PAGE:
DHCPv6 PD & Routing Questions

Owen DeLong owen at delong.com
Sun Dec 6 00:05:44 UTC 2015

> On Nov 25, 2015, at 15:59 , Mark Andrews <marka at isc.org> wrote:
> In message <CAMWxDfrh+O=SPZwPmAZhYnvAEeK2eMFw3CD0qf34Fkbb=-SaPw at mail.gmail.com>, Brian Knight writes:
>> On Tue, Nov 24, 2015 at 6:34 PM, Baldur Norddahl
>> <baldur.norddahl at gmail.com> wrote:
>>> DHCPv6-PD allows multiple PD requests. But did anyone actually implement
>>> that? I am not aware of any device that will hand out sub delegations on
>>> one interface, notice that it is out of address space and then go request
>>> more space from the upstream router (*).
>>> DHCPv6-PD allows size hints, but it is often ignored. Also there is no
>>> guidance for what prefix sizes you should ask for. Many CPEs will ask for
>>> /48. If you got a /48 you will give out that /48 and then not honor any
>>> further requests, because only one /48 per site is allowed. If you are an
>>> ISP that gives out /48 and your customers CPE asks for a /56 you will still
>>> ignore his size hint and give him /48.
>> Or, worse, the ISP's DHCPv6 server honors the new request and issues
>> the larger prefix, but refuses to route it.  Ran into that myself when
>> I replaced my home CPE router, and changed the prefix hint to ask for
>> a /60 block (expanded from /64) at the same time.  That made for a
>> frustrating few days without IPv6 service, waiting for my original
>> delegation to expire.  (Tech support, of course, had no clue and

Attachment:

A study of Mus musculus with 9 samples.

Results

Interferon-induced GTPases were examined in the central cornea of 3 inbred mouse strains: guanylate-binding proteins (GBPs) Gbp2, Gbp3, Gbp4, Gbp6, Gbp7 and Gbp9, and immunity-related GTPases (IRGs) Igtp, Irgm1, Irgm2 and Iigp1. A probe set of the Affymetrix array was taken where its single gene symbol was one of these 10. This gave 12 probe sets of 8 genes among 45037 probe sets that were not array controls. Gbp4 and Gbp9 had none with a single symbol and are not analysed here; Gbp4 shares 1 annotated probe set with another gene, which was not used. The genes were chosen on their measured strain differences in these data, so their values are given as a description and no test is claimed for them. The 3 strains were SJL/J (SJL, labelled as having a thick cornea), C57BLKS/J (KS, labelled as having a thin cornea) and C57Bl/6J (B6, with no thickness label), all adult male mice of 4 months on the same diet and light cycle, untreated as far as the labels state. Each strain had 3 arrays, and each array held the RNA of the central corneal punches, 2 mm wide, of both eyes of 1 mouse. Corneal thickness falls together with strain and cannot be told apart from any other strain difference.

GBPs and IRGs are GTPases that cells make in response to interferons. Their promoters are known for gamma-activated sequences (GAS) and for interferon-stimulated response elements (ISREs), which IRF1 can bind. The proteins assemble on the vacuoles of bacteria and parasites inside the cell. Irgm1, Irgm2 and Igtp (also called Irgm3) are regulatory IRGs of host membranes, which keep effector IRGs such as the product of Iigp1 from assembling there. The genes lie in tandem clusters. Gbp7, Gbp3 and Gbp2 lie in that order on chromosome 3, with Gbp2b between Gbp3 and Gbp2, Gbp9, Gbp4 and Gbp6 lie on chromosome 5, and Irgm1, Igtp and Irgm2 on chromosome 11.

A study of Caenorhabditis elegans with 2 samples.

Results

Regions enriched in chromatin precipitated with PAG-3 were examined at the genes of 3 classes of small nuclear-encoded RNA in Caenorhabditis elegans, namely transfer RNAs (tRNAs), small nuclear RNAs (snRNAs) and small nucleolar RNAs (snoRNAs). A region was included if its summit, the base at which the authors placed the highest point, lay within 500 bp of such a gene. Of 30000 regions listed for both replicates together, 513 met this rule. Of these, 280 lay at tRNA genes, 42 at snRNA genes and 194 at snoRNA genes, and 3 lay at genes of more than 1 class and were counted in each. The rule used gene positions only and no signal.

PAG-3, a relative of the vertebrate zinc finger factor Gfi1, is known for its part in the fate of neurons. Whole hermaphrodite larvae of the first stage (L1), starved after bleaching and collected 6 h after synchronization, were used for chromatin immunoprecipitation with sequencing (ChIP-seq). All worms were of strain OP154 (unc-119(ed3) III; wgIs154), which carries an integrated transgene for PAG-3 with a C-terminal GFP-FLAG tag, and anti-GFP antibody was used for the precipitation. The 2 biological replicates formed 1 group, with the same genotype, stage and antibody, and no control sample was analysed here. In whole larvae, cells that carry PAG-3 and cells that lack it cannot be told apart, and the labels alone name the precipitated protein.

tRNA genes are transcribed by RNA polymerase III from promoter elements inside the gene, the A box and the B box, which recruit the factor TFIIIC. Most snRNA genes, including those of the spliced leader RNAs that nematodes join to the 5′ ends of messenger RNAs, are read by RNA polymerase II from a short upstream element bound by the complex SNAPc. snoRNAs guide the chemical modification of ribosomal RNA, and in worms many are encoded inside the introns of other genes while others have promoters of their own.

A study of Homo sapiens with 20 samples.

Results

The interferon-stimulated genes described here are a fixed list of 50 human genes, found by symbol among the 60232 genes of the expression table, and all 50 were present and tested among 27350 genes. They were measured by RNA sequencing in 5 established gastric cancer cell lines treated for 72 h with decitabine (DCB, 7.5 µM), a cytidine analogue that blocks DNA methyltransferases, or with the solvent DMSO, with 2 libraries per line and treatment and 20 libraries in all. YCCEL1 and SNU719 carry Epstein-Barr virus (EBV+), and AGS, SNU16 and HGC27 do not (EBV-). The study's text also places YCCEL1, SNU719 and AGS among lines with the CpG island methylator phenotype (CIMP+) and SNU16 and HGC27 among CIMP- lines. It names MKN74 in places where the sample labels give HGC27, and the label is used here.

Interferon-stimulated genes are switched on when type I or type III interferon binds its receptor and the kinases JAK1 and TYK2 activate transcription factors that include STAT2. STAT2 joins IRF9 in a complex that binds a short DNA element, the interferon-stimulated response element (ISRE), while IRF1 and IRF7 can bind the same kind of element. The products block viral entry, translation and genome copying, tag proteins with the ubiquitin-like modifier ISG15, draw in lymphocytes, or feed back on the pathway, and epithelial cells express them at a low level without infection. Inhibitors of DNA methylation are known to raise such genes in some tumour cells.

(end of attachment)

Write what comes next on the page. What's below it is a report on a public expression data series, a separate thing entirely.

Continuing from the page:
>> blamed my router.)
>> In retrospect I should have perhaps had my original CPE generate a
>> DHCP release message for that prefix before disconnecting it.  But I
>> won't be the last person to fail to generate that.
>> -Brian
> Well the requesting router could announce the route.  ISC's client
> has hooks that allow this to be done.  That is, after all, how
> routing is designed to work.  The DHCP server usually is sitting
> in a data center on the other side of the country with zero ability
> to inject approptiate routes.

Are you really suggesting that a residential ISP accept routes advertised
from their customer’s CPE? Really?

That’s about the most ridiculous thing I’ve heard on NANOG in a long time
and that’s saying something.

> The DHCP relay could also have injected routes but that is a second
> class solution.

Maybe, but in an ISP/Customer PD environment, it’s certainly preferable
to what you consider a “first class” solution.